Back In the Real World, the Campaign Looks a Little Different

If you live in the feverish world of the internet and cable news, you would get the impression that recent days have been consumed entirely by the Todd Akin flap, that rape has become the issue of the day, and that Republican candidates have been drowned out and unable to convey their message. But is that really what has been going on in the swing states where Mitt Romney and Paul Ryan have been campaigning?

Perhaps not. The Romney campaign points out that local news coverage has mostly focused on the candidates’ themes, not the Democrats’ irrelevant hysteria. Here, for example, are the front pages of Virginia and North Carolina newspapers, where Paul Ryan has been appearing. What are the headlines? “Ryan brings GOP message to Roanoke,” “Romney’s running mate hits Obama on ‘build’ comment,” “Ryan hammers Obama on economy,” “Ryan is cheered at Raleigh stop,” “Ryan to focus on defense cuts.”

Meanwhile, how do the polls look? They have changed very little, if at all. Gallup, which is still polling registered, not likely, voters, has the race tied 46/46; Romney had been ahead 47/45 for the last couple of days. Rasmussen, who is sampling likely voters, likewise has the race tied 45/45. While Rasmussen’s polling has always been close, Romney has had at least a slight lead a large majority of the time. Meanwhile, Obama’s approval among likely voters remains under water at 48/51. The most significant point in all of these data is that Obama can’t get to 50%, either in approval rating or head-to-head against Romney. That has been true for a long time, and it isn’t likely to change between now and November.

We see a steady stream of bad polls coming out of the swing states. Quinnipiac has been a repeat offender in this regard. Yesterday Quinnipiac released a set of polls, along with CBS News and the New York Times, covering Florida, Ohio and Wisconsin. These purport to be likely voter surveys, but they obviously aren’t–not good ones, anyway–since they considered almost all of the respondents who said they were registered to be likely voters (93% in Florida, 91% in Ohio, and 92% in Wisconsin). We all know that turnout is nowhere near that high. It is hard to imagine why anyone would follow this kind of protocol unless he was deliberately trying to make Barack Obama look viable.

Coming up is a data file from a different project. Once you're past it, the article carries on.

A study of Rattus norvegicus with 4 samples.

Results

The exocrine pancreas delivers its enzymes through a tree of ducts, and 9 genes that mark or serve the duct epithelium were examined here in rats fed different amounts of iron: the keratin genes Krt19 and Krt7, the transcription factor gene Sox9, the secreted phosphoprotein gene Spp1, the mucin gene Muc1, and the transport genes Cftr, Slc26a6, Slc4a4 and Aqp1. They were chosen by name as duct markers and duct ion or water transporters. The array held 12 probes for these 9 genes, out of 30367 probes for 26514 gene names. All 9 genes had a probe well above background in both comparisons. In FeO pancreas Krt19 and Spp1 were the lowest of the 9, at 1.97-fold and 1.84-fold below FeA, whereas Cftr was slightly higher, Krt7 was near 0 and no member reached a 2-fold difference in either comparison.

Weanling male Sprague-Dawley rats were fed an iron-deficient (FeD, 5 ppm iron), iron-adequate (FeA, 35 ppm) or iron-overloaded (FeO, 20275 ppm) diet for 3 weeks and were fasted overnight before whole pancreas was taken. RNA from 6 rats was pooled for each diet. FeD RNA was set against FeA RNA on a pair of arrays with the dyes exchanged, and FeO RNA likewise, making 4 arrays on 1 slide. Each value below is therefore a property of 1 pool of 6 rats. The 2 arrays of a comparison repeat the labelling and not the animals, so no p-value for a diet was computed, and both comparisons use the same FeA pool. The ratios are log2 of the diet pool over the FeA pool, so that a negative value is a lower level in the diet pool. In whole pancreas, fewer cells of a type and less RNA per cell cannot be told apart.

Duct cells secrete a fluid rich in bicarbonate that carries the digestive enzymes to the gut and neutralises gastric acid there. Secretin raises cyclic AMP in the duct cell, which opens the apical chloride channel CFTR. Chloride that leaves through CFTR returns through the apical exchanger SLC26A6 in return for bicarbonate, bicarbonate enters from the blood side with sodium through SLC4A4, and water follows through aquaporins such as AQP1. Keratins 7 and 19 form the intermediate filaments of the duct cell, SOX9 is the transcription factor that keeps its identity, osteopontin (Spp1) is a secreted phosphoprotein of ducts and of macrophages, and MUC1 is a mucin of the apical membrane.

So here are the results:

Florida: Obama 49%, Romney 46%
Ohio: Obama 50%, Romney 44%
Wisconsin: Obama 49%, Romney 47%

Of course, the answer you get depends on whom you ask. So the first thing you need to find out is how many Republicans and Democrats there were among the respondents. Here is the answer:

So the highest percentage of Republican respondents in any of the three states was 28%. In each state, Obama under-ran the Democrats’ partisan advantage in the sample–by three points in Florida, three points in Ohio, and two points in Wisconsin. If you sampled an equal number of Democrats and Republicans, Romney would be leading in all three of these states.

What is the correct balance for likely voters? I haven’t seen meaningful numbers for these states–the Quinnipiac poll certainly doesn’t represent meaningful numbers, given its 90%-plus turnout model–but nationally, Rasmussen constantly surveys likely voters about their party preferences. The numbers fluctuate slightly as always, but the division among Republicans, Democrats and independents is close to 1/3, 1/3, 1/3. This year there have consistently been a few more Republicans than Democrats, nationwide.

All of which suggests that Mitt Romney continues to be in good shape moving into the conventions. He is even, at worst, in the competent polls, and Obama can’t get over 50%. So far, Romney has been badly outspent, but that will change starting with the convention next week. From that point until November, Romney will have more than enough resources to counter whatever smears Obama comes up with, and keep the focus where it should be, on the economy.